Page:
The Vietnam War may have ended almost 40 years ago, but the United States is just getting around to cleaning up a sad legacy it left in the Southeast Asian country -- the remnants of the toxic herbicide Agent Orange.
U.S. planes sprayed approximately 20 million gallons of the extremely toxic Agent Orange over Vietnamese trees and vegetation during the Vietnam War.
The $49 million cleanup begins Thursday at the former U.S. military base of Da Nang, the Associated Press reported Wednesday. While the U.S. has previously shelled out billions of dollars in disability payments to American soldiers who developed illnesses associated with the defoliant - its active ingredient is dioxin, which has persistently been linked to cancer and multiple birth defects - this marks the first occasion the nation has made a move to clean up the approximately 20 million gallons of Agent Orange it dumped on the Vietnamese landscape in the decade between 1961 and 1971.
The herbicide destroyed approximately 5 million acres of forest and another 500,000 acres of crops. The Vietnam Red Cross estimates that at least 3 million Vietnamese citizens have experienced health problems due to exposure to Agent Orange, including about 150,000 children with birth defects. In addition to direct exposure during the spraying itself in the 1960s and 1970s, individuals are still being exposed to dioxin through contaminated soil, sediment, water and livestock.
According to the report, the cleanup efforts will focus on three specific "hot spots" -- the former U.S. air bases in Da Nang, Bien Hoa and Phu Cat, where Agent Orange was mixed, stored and loaded onto planes.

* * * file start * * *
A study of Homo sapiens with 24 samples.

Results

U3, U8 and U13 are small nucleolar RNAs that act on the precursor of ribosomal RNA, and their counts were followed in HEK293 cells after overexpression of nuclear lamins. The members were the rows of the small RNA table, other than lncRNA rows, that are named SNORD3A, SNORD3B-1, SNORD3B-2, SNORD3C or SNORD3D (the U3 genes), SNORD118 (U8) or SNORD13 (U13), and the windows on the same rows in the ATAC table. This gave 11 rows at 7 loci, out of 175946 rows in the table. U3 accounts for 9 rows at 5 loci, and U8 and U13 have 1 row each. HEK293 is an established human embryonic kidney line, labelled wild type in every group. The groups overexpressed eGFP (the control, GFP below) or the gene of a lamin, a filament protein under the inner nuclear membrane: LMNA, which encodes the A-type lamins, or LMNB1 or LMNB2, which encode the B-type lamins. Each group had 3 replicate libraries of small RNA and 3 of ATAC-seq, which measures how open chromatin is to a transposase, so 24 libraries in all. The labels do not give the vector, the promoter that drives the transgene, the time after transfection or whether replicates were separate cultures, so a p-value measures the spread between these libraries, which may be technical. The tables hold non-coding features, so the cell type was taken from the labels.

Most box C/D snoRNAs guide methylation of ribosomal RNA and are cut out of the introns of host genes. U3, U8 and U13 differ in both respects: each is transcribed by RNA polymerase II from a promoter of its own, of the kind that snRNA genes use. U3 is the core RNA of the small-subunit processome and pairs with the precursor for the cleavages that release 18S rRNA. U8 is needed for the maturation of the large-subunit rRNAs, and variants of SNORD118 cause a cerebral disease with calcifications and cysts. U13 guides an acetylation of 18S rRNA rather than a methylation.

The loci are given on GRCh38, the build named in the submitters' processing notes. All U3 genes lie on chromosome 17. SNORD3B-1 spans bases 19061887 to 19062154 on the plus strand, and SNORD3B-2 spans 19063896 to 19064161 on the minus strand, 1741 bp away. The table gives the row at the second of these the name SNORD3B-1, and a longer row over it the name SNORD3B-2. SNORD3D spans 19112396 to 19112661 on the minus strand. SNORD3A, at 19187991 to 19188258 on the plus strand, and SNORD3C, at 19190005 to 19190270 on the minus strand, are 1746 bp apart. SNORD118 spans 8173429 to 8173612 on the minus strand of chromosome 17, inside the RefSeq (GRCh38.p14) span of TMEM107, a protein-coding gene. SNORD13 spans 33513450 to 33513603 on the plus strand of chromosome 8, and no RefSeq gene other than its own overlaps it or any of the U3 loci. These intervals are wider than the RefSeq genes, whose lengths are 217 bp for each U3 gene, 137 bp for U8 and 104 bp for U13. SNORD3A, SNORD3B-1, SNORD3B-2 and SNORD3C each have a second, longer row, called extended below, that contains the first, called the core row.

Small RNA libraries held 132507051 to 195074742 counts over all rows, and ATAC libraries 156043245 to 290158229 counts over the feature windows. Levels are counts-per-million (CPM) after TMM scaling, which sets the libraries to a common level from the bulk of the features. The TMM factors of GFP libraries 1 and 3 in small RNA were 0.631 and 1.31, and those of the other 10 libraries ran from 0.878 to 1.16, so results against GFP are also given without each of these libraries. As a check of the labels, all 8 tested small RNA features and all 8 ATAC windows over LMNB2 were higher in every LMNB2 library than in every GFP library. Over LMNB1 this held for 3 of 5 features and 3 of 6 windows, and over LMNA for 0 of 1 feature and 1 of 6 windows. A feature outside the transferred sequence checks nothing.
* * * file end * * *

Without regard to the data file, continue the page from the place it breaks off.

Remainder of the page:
While the U.S. has been quick to acknowledge the issues faced by servicemen exposed to the defoliant, it has been reluctant to confirm that up to 4 million Vietnamese were also affected by the toxic chemicals, alleging that other environmental factors could be to blame for their health issues. In fact, as recently as 2010, a Congressional Research Service report analyzing the effects of Agent Orange in the country refers to "the Vietnamese government's" concern about the health affects of the herbicide, but does not acknowledge it as fact.
But that dispute may have cooled, as U.S. Defense Secretary Leon Panetta indicated in June.
"We had a complicated relationship, but we're not bound by that history," Panetta said during a visit to Hanoi.
Of course, U.S. leaders have their own reasons for finally making the move. The AP reports the U.S. hopes to stave off China's rising influence in the South China Sea by boosting trade with Vietnam and forging a stronger alliance with the country it once coated with toxic chemicals (they were meant to deprive Vietcong guerrillas of jungle cover and expose them to U.S. bombing).
But while Congress has reportedly appropriated $49 million toward environmental remediation in the country and another $11 million to help people living with disabilities there -- regardless of the cause -- in May, the U.S.-Vietnam Dialogue Group estimated it may take upwards of $450 million to clean up dioxin hot spots, provide services to individuals with disabilities, and restore damaged landscapes over the next five years.